Staffers at the United States Capitol describe a rampant culture of sexual harassment that included pornographic material in lawmakers’ offices and a general fear of reporting misconduct, according to the results of an investigation.
The findings appeared in a probe conducted by an internal watchdog, the Office of the Inspector General, which examined 10 years worth of claims of sexual harassment in the Architect of the Capitol.
The Architect of the Capitol is the department which oversees the preservation and maintenance of the buildings on the grounds of Capitol Hill, including Congress and the Supreme Court.
The report by the OIG alleges that staff members at Architect of the Capitol were exposed to pornographic material in lawmakers’ offices, ABC News reported.
Staff members who worked the overnight shift on Capitol Hill said they were hesitant to report instances of sexual harassment because they didn’t trust the system to adequately investigate, according to a report by an internal watchdog
Staff members also said they were afraid to speak up about instances of inappropriate behavior because they feared retaliation.
During sexual harassment prevention training, one staffer asked ‘What happens if the harasser is a member of Congress?’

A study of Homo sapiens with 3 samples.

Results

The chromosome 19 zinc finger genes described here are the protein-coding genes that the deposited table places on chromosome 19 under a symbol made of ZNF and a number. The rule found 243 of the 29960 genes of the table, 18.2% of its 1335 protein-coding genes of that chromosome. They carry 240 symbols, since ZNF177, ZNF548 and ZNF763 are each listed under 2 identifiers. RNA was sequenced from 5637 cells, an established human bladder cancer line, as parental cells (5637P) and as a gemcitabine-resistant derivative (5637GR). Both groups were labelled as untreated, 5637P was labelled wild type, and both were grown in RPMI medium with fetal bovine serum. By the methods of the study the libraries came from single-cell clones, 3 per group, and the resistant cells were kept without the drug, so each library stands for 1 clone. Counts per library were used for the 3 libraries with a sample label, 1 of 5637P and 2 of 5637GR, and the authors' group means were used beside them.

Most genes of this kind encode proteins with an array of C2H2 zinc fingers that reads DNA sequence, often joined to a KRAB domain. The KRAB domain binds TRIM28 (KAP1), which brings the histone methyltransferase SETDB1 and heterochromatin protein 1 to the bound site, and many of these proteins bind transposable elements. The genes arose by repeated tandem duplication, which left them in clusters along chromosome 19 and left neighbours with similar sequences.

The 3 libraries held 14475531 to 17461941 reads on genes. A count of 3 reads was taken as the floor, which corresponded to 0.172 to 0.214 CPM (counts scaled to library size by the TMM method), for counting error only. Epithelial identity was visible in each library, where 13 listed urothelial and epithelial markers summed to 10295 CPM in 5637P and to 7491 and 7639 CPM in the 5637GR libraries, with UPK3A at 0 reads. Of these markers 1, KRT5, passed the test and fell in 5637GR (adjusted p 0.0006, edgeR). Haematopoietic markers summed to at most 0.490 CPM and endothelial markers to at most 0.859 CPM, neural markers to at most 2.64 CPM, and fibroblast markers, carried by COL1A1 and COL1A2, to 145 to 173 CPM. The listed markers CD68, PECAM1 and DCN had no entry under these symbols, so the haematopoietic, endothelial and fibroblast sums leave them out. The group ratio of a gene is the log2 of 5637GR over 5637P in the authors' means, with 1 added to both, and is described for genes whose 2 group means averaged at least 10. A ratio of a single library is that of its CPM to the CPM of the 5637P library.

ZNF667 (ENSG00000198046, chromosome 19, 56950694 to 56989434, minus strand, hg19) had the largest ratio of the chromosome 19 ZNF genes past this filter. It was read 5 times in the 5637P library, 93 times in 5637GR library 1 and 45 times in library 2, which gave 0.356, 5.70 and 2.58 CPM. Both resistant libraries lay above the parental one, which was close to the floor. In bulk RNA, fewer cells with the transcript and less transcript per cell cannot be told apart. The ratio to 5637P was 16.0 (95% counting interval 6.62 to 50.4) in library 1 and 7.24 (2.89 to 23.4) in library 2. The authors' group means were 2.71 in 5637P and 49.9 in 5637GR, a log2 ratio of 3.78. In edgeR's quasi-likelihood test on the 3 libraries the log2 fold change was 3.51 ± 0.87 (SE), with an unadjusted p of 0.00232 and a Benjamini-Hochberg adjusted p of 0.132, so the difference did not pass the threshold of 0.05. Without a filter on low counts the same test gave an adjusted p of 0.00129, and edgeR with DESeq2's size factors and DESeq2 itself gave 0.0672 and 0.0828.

The staffer told the OIG that nobody had an answer for that question.
The report by the OIG does not say exactly how many reports were filed against legislators.
Last October, Congress ordered a review of years worth of sexual harassment claims by staff members at Architect of the Capitol.
Congress wanted OIG to look into whether the claims were properly investigated.
OIG found that in a span of 10 years, there were a total of 57 reports of sexual harassment – a figure that is considered low given the size of the workforce at Architect of the Capitol.
The findings appeared in a probe conducted by an internal watchdog, the Office of the Inspector General, which examined 10 years worth of claims of sexual harassment in the Architect of the Capitol. The U.S. Capitol Building is seen in the above stock image
The report admits that workers’ fear of retaliation likely played a part in their reluctance to file more complaints.
According to the report, there is a ‘widespread perception that sexual harassment is a pervasive problem’ within Architect of the Capitol, which investigators say is a product of ‘lingering cultural bias.’
The IOG report says Architect of the Capitol appears ‘to be energetic in its efforts to improve the agency culture and create an environment of civility’ and that ‘the results of our inquiry were primarily positive, with the majority of identified gaps already receiving the attention.’
But the report also notes that employees do not come forward with complaints because they do not trust that the system will mete out proper punishment.
‘The whole system is [designed] to protect the Architect of the Capitol, [the Equal Employment Opportunity Commission], Office of Compliance or any other assistance under this Agency,’ one staffer told OIG.